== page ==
For as long as there have been cities, there have been urban planners: people responsible for the physical layout of streets, building plots and open spaces in urban areas. In the twentieth century, however, the profession of urban planning has grown in two ways. First, the traditional subject matter of planning of planning, physical growth and change, has widened to include environmental, social, and economic issues. Second, planning consultants and public agency planners now work at a broader range of geographic levels, including neighborhood, city and region. The result is a diverse profession involved in many issues and levels of government. Still, there is an underlying commitment shared by urban and regional planners generally -- to work for orderly change, improvement, and development responsive to the goals and needs of people and communities, while respecting the natural environment.
The undergraduate program in the Department of Urban and Regional Planning at Cal Poly Pomona aims to develop versatile planners with a creative problem-solving orientation. Students learn about the environmental, social, and economic processes affecting the city and region; the means by which planners work within those processes to guide direct urban and regional growth and change; the techniques used by planners in the identification and analysis of problems; and the development of solutions to these problems. Substantial field work allows students to put lessons learned in the classroom to the test of real-life experience.
The success of this four-year program is evident in its accreditation by the Planning Accreditation Board, and in the increasingly responsible positions held by its over 1,100 alumni.
The Department's most significant contribution to communities throughout California comes from its training of qualified city planners. They serve as city planning directors and project directors in redevelopment. They write environmental impact reports and zoning ordinances. They are principals in large-scale design firms, and they work for planning consultants or private developers. Some are involved in work for neighborhood and non-profit groups or do urban design. Many are active in fields such as economic development, transportation planning and land development.
However, our contribution to the community is not limited to professional practice of alumni. Our faculty are involved with numerous local governments and organizations, as well playing active roles in professional organizations. In addition, students work with numerous communities, both individually in internships with local planning agencies and through classes that use nearby communities as "laboratories" for testing planning theories and techniques.
The Department of Urban and Regional Planning seeks students whose personality and character traits are well-matched to the requirements of the profession. Intellectual curiosity and awareness of social, political, and environmental issues are important to planners. Planning requires leadership, teamwork, and other interpersonal skills, including the ability to communicate in graphic as well as written and verbal form. Since planners often are required to be generalists, the Department seeks students who are well-rounded.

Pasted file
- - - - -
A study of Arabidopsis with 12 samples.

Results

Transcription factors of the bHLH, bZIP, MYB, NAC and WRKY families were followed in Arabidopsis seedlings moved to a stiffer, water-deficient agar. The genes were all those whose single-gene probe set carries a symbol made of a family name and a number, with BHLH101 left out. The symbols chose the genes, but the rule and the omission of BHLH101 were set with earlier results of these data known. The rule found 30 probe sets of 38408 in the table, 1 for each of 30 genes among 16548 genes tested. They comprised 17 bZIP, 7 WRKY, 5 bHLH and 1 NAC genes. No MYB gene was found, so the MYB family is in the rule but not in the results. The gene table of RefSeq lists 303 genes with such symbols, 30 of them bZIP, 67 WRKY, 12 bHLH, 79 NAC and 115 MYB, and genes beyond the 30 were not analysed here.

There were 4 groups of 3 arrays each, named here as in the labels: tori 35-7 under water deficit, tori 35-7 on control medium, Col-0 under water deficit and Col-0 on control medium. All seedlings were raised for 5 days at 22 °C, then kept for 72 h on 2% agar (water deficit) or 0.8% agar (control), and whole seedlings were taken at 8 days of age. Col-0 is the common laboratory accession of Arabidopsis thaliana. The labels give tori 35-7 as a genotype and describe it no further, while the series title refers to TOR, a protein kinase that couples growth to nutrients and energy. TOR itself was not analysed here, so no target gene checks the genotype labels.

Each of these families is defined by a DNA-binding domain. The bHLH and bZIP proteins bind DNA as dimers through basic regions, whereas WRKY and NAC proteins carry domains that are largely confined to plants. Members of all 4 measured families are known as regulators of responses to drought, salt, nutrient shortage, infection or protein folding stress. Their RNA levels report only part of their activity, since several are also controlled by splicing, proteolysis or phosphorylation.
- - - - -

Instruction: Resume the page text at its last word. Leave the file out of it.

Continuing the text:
Admission to the undergraduate program is possible either as a first-time freshman or as a transfer student from a recognized college. The Department does not impose additional admission criteria beyond those required for entrance to the California State University System. " Online" and "downloadable" applications are available. Students seeking advanced design placement should prepare a design portfolio for review before classes begin.
Cal Poly offers a variety of financial aid programs funded by government and private sources, including grants, work-study opportunities, scholarships, and loans which are interest-free while you are enrolled for at least a one-half time load. Detailed information and professional financial counseling as well as complete application instructions and assistance may be obtained from the Financial Aid Office, located on the third floor of the CLA Tower.
In addition, the Department has several scholarships of its own. These include a series of merit-and need-based scholarships provided by the Department's alumni organization.
Students may participate in a variety of international exchange programs offered through the College of Environmental Design. They may also take advantage of courses offered in other departments in subjects such as geographic information systems, regenerative studies, design or economics.
The Department's learning outcomes are strategically connected to each course in the curriculum. Click here to view a curriculum "map" showing how each learning outcome is introduced, developed, or mastered each of the core courses.